Total monetary sanctions handed down by the Commodity Futures Trading Commission (CFTC) this year totaled more than $3.2 billion, including an $800 million sanction, the largest in the commission’s history, according to Chairman Timothy Massad.

“Our enforcement division has continued to do an excellent job holding entities accountable for misbehavior,” Massad said at the CFTC’s monthly open meeting in Washington, DC, Wednesday morning. “We brought or resolved actions related to integrity of benchmarks, improper behavior such as spoofing, traditional scams such as Ponzi schemes, and failure to comply with reporting obligations.”

Energy-related fines handed down by CFTC in 2015 included a $3 million fine against Intercontinental Exchange’s ICE Futures U.S. Inc. for “submitting inaccurate and incomplete reports and data” for certain energy contracts and other commodities (see Daily GPI, March 17). More recently, CFTC imposed a $3.6 million civil penalty and sanctions including a two-year trading limit against Total Gas & Power North America and one of its West Desk traders (see Daily GPI, Dec. 7). The order settled charges for attempted manipulation of natural gas monthly index settlement prices during bidweeks at four major trading hubs in Texas and elsewhere in the Southwest.

CFTC achieved a series of accomplishments this year by avoiding “the obstruction and division that we see too often in this town in favor of working together constructively on behalf of the American people,” Massad said. He expects CFTC to continue down that path in 2016.

This year, the agency was focused on the resiliency of clearinghouses and on automated trading, continued to implement Dodd-Frank Wall Street Reform and Consumer Protection Act reforms, took steps to improve and enhance reforms requiring the reporting of swap data, and “continued to focus on making sure commercial end-users can use these markets efficiently and effectively,” he said.

“For example, we amended our rules so that publicly owned utility companies can continue to effectively hedge their risks in the energy swaps market, which helps them provide reliable, cost-effective service to their customers.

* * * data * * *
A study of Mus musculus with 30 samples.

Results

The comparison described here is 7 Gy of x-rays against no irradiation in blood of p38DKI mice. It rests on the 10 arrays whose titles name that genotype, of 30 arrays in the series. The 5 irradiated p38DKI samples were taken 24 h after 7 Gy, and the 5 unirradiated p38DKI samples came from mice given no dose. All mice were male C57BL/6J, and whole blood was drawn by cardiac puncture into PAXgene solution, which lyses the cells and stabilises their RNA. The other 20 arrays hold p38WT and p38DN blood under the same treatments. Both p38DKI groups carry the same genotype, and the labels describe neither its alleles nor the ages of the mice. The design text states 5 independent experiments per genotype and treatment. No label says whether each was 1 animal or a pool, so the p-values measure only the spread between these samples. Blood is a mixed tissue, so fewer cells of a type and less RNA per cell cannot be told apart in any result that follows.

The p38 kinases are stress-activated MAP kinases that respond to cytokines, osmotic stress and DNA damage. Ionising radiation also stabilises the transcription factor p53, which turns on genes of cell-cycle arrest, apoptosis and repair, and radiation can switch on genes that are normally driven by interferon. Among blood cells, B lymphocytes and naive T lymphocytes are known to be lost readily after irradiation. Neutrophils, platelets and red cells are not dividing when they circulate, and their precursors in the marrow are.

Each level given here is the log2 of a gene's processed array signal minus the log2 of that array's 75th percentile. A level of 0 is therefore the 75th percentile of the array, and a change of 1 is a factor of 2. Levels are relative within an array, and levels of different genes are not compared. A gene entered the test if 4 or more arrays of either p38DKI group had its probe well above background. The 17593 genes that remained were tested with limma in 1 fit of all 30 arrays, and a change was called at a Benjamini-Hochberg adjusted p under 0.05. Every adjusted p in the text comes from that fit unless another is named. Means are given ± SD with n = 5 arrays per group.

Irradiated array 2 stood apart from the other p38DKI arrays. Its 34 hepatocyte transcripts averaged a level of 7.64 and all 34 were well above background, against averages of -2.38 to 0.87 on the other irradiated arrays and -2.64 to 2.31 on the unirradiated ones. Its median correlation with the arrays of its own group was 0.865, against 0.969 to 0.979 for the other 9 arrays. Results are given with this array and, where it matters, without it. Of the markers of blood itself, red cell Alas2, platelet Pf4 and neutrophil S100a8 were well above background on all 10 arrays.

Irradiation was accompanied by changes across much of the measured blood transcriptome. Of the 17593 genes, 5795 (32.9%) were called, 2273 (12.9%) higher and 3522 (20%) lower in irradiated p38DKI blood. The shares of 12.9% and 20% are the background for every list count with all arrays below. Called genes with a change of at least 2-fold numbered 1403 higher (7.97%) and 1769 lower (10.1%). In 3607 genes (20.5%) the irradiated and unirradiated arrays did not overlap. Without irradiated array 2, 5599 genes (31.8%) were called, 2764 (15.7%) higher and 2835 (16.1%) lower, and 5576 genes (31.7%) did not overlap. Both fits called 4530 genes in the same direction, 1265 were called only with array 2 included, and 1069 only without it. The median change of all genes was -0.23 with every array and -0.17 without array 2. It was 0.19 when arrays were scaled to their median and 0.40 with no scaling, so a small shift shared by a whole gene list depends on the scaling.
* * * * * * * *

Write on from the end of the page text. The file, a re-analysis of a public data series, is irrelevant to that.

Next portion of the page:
“We approved a modification to the ‘residual interest’ rule, which can affect when customers must post collateral with clearing members. We clarified the treatment of contracts with embedded volumetric optionality. We have also issued some proposals that I hope we can finalize soon — these pertain to the treatment of trade options and exempting end-users from certain record keeping requirements.”

CFTC actions in 2015 included a proposed supplement to a 2013 proposed rulemaking designed to clamp down on speculation in physical commodity futures and swaps, including oil and natural gas transactions (see Daily GPI, Sept. 23). The agency approved a proposal related to aggregating accounts under the position limits rule almost two years ago (see Daily GPI, Nov. 5, 2013).

A second, related proposal adopted the same day would implement section 737 of Dodd-Frank, clamping down on speculation in 28 selected physical commodity futures and swaps. Among the 28 were four energy contracts: Nymex Henry Hub Natural Gas, Nymex Light Sweet Crude Oil, Nymex New York Harbor Gasoline Blendstock and New York Harbor Heating Oil.

In June, CFTC extended for one year a time-limited no-action relief for swap dealers and major swap participants for complying with reporting obligations (see Daily GPI, June 15).

And in June it proposed a rule that would apply its margin requirements for uncleared swaps in the context of cross-border transactions (see Daily GPI, June 29).The proposed rule would apply to Commission-registered swap dealers and major swap participants that are not subject to the margin requirements of other prudential regulators, such as the Federal Reserve Board, Office of the Comptroller of the Currency, and the Federal Deposit Insurance Corporation.

The CFTC on Wednesday also adopted a final rule on margin requirements for uncleared swaps entered into by swap dealers (SD) or major swap participants (MSP) with financial institutions by a 2-1 vote.

The rule would apply to SD and MSPs that are not subject to regulation by the Federal Reserve Board, the Office of the Comptroller of the Currency, the Federal Deposit Insurance Corporation, the Farm Credit Administration or the Federal Housing Finance Agency. The final rule exempts end-users, Massad said.

“Requiring parties to collect margin will provide them with collateral to cover the risk posed by counterparties with open uncleared swap positions,” CFTC said. “Requiring parties to post margin will reduce the ability of firms to take on excessive risk.”

Commissioners also voted unanimously to approve two amendment proposals to existing regulations that address cybersecurity testing and safeguards for the automated systems used by critical infrastructures CFTC regulates.

The proposals would require all derivatives clearing organizations, designated contract markets, swap execution facilities, and swap data repositories to conduct five types of cybersecurity testing, as frequently as indicated by appropriate risk analysis. The proposals will be open for public comment during a 60-day comment period after their publication in the Federal Register.